Continuing my summer cross-country bike journey east, I twice encountered situations where, to avoid what appeared to be harrowing highway rides, I hopped aboard regionally operated bus services. From Carson City, an Intercity bus connected me to Reno, and in Colorado, the express Flatiron Flyer, launched in January, brought me from Denver to Boulder.
These bus routes – in Washoe County, Nevada, and the Denver region – serve as public transportation options that commuter rail might typically provide in other large metropolitan regions. Both regions’ services play different roles than usual systems by connecting major cities and the communities in between using public bus transit, rather than private companies, such as those in the Washington, D.C., region. The Flatiron Flyer, in particular, occupies a unique space in the regional transportation system.
The Regional Transportation District, Denver’s regional agency, originally planned to build its Northwest Rail Line through Boulder into Longmont, to the north, as part of its extensive FasTracks rail program. However, due to low tax revenue and increased costs, that line’s opening has been delayed until 2044. A three-decade timeline does little to serve a growing metropolitan region, and the Flatiron Flyer routes look to bridge the commuting gap in the meantime.
The Flyers provide needed service in a place where rail became financially unfeasible. The system already averages 14,428 weekday passengers, removing crucial single occupancy vehicles from a congested corridor.
A unique transit option
Denver’s transit agency markets Flatiron Flyer as a bus rapid transit system, though it does not fit the standards of typical BRT systems. Critics have insisted RTD choose a different description. The largest sticking points focus on the fact that buses travel in mixed traffic express lanes rather than along dedicated rights of way, and the route lacks efficient amenities like off-board-only fare collection.
That said, riding the Flatiron Flyer is still an enjoyable and efficient experience. Underneath the trains at Denver’s Union Station is a bus concourse with assigned gates, intuitive information displays and ticket sales that help expedite boarding, the latter a noticeable improvement on critiques, as nobody on either of my trips had to pay their fare onboard. Flyers also have dedicated ramps onto U.S. 36’s express lanes, and can travel along the highway’s shoulder to bypass slower moving traffic. Along Route 36 are six stops set back from the highway, each with shelters, ticket machines, and bike-trail access. Additionally, while Flyer buses arrive every 10 minutes during rush hour, off-peak frequencies are on 30-minute cycles, which can be a turn-off.
When I rode north during rush hour, the bus had to wait an extra light cycle leaving one stop, but otherwise cruised past the thickening traffic in the other, non-express lanes. From Denver to Boulder, the ride was only five minutes longer than it would be in a car without traffic (40 minutes by bus, about 35 minutes by car). Considering it was rush hour, we moved faster than those driving cars outside the express lanes.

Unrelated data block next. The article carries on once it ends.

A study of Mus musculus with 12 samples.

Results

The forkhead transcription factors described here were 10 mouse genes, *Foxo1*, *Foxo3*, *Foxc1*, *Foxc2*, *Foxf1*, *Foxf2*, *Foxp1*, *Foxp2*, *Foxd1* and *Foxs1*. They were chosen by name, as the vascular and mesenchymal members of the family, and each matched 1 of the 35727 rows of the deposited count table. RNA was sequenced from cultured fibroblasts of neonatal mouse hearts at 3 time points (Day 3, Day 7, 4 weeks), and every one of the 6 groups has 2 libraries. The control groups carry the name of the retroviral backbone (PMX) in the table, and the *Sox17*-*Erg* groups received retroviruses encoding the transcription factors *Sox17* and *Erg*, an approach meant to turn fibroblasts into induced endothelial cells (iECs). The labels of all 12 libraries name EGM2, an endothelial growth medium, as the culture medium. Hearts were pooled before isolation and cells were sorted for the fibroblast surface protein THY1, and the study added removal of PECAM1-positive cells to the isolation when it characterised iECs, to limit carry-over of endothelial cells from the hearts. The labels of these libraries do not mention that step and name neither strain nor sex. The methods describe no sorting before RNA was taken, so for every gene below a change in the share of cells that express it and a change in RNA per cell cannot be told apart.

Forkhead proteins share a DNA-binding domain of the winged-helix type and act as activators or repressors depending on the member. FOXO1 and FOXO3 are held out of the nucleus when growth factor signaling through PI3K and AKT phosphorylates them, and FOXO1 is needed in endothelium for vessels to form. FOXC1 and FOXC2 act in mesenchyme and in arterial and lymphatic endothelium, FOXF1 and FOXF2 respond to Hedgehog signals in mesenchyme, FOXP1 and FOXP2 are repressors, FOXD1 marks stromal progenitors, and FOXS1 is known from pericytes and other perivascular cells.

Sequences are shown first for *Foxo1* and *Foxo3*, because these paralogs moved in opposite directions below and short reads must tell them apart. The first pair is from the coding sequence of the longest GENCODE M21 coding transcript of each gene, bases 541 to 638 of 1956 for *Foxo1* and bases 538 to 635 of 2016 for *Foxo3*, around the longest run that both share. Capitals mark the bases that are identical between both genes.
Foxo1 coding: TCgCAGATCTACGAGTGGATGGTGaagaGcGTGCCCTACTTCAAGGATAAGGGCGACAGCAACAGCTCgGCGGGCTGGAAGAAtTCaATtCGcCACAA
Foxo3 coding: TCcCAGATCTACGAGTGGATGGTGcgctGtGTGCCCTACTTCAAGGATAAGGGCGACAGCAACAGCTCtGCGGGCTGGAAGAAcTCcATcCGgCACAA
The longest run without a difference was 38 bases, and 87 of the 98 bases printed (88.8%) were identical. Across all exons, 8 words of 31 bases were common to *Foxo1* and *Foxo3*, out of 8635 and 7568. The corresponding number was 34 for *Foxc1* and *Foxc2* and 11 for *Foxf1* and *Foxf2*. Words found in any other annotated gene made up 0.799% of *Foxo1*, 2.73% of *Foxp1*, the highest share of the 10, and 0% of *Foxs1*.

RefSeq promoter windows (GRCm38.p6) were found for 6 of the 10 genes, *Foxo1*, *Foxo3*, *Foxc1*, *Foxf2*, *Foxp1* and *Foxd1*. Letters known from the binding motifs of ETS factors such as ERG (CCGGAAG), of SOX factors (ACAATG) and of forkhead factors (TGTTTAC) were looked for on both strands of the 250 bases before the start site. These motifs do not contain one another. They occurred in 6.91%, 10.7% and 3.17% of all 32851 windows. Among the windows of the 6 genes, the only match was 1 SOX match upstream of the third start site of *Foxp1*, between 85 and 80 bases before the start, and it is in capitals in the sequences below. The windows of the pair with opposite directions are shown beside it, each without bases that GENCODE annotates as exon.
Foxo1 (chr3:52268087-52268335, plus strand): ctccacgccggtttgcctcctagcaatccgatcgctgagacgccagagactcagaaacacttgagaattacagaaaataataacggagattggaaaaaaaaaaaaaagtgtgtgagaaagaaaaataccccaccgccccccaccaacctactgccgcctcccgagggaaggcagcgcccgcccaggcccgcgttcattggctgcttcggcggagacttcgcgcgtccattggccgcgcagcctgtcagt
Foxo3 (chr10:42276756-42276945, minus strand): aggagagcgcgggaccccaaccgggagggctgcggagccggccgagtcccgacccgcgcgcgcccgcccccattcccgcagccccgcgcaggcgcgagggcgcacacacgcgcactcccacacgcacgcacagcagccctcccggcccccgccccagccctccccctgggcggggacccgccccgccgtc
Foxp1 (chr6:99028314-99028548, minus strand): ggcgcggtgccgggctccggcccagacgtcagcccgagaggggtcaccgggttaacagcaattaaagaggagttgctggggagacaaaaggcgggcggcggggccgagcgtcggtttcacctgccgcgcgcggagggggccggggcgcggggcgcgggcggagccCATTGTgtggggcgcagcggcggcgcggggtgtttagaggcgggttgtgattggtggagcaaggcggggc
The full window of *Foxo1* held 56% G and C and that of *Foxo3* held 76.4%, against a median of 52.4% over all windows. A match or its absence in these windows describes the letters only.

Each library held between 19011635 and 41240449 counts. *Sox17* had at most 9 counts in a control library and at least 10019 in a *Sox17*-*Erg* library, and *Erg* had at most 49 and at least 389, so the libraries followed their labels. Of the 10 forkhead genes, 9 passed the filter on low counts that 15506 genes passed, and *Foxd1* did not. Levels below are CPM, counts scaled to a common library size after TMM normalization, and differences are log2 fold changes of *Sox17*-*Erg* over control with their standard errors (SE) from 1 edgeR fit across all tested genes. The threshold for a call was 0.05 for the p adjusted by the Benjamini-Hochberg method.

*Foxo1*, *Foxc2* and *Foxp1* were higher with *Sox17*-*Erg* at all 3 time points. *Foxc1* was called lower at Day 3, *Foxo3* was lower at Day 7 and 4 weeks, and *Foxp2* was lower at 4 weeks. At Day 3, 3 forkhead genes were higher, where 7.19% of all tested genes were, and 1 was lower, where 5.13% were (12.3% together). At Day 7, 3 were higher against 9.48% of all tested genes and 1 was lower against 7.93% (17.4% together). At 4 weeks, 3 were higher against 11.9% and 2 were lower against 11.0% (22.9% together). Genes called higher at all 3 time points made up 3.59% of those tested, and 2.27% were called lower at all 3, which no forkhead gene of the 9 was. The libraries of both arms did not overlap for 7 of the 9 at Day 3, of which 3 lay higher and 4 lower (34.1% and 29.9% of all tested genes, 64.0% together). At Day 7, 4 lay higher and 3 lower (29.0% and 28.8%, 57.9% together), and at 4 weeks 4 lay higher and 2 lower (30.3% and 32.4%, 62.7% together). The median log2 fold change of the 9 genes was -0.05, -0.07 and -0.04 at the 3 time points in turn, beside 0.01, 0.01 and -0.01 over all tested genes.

The Flyer certainly functions as an express commuter service, even if it’s not a true BRT. It was also significantly more comfortable than similar long-distance routes, like the Intercity in Reno or Washington Metropolitan Area Transit Authority’s 5A to Dulles International Airport, which use traditional city buses. while the Flatiron Flyer is a higher capacity coach bus with reclining seats, WiFi and power outlets.
While East Coast intercity travelers may be more familiar with Greyhound or Megabus charter buses, the Flatiron Flyer is an integrated part of RTD’s network. I was able to travel between Englewood, a suburb south of Denver, and Boulder for $9 round trip, utilizing the light rail and local bus systems in coordination with the Flyer on a single day pass. The Flyers also have the capacity to carry up to eight bicycles, and the stops along Route 36 provide access to the U.S. 36 Bikeway, encouraging active transportation to fulfill the first- and last- miles of some trips.
What also strikes me about the Flatiron Flyer network is that it exhibits a certain level of adaptability in a space that typically lacks flexibility. For a traveling newcomer, it’s a strong service, and shows that even stopgap measures can be fairly comprehensive. The buses are comfortable and the routes are fast, working toward providing a similar experience to commuter rail.
Intercity services like this are important for growing regions lacking the necessary rail connections that exist in denser metropolitan regions. Flatiron Flyer shows how an express bus system can fill a gap where trains are not available or feasible, still providing a key transportation option.
Photo: Travelers board a Flatiron Flyer bus in a promotional image (36 Commuting Solutions, Twitter).